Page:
What is “listening fatigue”?
It’s not unusually for people to be tired when they leave work. For those people with hearing loss, the weariness is multiplied by the strain of deciphering what people were saying all day. This is known as listening fatigue. A normal hearing person rarely has to think about the effort they expend to listen. For people with hearing loss, things are much different. Listening is hard work that can leave them exhausted after only a few hours.
A study by the Danish Institute for Social Research found that 15 percent of people with hearing loss in the workforce experience listening fatigue so intense, by the end of the workday they don’t have the energy for leisure activities.
Moderate hearing loss
When you have a moderate hearing loss you may only hear 50% of what is said. So in order to communicate effectively, you have to fill in the gaps with a combination of lip reading, context clues, and guessing. Just imagine if holding a simple conversation required you to solve a puzzle. Now think of the number of conversations you have in a day? That’s a lot of puzzles for you brain to solve, so it’s no surprise your hearing loss can affect your work.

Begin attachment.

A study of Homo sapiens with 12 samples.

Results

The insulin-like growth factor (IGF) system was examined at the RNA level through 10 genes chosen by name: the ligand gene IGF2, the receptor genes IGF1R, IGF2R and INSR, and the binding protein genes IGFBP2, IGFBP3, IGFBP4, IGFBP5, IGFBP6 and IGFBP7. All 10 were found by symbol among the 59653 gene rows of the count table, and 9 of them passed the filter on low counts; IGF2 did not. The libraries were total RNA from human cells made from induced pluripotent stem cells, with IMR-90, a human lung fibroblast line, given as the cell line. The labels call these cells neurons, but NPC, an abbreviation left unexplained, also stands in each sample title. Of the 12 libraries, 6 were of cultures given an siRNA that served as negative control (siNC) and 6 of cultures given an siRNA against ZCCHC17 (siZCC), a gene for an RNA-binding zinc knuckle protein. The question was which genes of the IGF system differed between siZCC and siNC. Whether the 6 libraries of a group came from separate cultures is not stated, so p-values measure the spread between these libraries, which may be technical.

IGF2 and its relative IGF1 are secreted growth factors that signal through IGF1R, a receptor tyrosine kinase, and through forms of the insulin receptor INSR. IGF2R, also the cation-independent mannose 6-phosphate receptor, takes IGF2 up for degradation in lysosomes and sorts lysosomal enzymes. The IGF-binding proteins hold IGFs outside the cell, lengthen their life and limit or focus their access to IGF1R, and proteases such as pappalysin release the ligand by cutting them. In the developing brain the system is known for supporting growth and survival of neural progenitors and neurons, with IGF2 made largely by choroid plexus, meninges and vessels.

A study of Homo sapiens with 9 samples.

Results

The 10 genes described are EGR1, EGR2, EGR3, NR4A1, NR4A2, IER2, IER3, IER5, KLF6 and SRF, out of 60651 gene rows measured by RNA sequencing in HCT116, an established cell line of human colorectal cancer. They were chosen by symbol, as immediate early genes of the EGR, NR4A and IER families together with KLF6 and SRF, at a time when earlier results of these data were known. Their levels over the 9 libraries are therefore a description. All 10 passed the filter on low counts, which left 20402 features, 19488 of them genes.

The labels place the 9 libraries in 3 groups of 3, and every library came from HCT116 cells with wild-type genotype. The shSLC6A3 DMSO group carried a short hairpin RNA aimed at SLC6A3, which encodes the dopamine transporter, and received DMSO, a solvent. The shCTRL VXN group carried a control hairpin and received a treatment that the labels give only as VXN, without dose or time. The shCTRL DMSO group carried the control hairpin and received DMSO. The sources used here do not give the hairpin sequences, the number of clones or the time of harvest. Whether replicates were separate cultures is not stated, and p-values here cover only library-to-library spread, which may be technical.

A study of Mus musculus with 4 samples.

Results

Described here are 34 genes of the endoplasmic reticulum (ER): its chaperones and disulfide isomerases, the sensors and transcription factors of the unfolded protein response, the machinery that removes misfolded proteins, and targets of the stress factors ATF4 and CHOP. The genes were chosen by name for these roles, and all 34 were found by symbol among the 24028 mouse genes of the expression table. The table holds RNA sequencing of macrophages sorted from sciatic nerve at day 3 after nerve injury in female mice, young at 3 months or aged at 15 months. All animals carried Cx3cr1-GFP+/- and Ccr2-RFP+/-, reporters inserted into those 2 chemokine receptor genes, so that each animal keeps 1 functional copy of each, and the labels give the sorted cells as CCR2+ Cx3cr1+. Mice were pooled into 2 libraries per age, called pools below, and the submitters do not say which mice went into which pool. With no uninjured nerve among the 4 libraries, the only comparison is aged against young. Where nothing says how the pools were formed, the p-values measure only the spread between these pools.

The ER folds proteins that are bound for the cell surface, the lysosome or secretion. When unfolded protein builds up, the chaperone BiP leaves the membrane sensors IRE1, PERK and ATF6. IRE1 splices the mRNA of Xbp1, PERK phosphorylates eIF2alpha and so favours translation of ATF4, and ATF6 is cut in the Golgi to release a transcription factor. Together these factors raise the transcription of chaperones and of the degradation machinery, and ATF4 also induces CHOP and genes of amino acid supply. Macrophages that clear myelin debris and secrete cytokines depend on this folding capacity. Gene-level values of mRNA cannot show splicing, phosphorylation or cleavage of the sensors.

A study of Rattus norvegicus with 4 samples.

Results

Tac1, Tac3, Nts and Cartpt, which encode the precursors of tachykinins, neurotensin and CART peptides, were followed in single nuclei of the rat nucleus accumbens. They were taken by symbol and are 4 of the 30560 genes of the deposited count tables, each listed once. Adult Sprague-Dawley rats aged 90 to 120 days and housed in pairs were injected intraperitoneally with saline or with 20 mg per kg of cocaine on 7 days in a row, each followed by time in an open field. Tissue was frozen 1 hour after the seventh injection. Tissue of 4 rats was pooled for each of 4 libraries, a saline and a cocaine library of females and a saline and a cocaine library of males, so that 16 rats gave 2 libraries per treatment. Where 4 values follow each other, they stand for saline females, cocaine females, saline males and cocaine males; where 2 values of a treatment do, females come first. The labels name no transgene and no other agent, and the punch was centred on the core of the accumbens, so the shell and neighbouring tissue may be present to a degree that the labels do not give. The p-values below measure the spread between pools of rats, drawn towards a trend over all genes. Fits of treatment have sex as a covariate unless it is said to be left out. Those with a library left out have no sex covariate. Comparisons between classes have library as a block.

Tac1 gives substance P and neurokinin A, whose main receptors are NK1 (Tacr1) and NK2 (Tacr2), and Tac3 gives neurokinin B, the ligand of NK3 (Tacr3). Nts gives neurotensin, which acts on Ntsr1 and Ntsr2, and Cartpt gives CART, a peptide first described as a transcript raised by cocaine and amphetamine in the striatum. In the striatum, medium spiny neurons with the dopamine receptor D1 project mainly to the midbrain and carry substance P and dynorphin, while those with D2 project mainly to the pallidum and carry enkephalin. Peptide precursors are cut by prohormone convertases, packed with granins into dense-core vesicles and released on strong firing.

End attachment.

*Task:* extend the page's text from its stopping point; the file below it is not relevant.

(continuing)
According to the Better Hearing Institute untreated hearing loss causes $56 billion in lost productivity in the workplace each year. They attribute much of that lost productivity to listening fatigue. The energy you use to listen and communicate takes away from the energy you need to perform other tasks at work. By the time you get home you are too exhausted to do anything else. Hearing loss has also been blamed for many people exiting the workforce altogether.
The good news is hearing aids help to reduce listening fatigue drastically. They make listening less of a task, so your brain can conserve energy for other things. New hearing aid technology even isolates and amplifies the sounds you want to hear, while reducing background noise.
If you find you are still suffering from listening fatigue with your hearing aids try taking frequent listening breaks. Turn off you hearing aids, or go someplace quiet and give your ears 5-minute rests throughout the day so that your brain has a chance to recharge.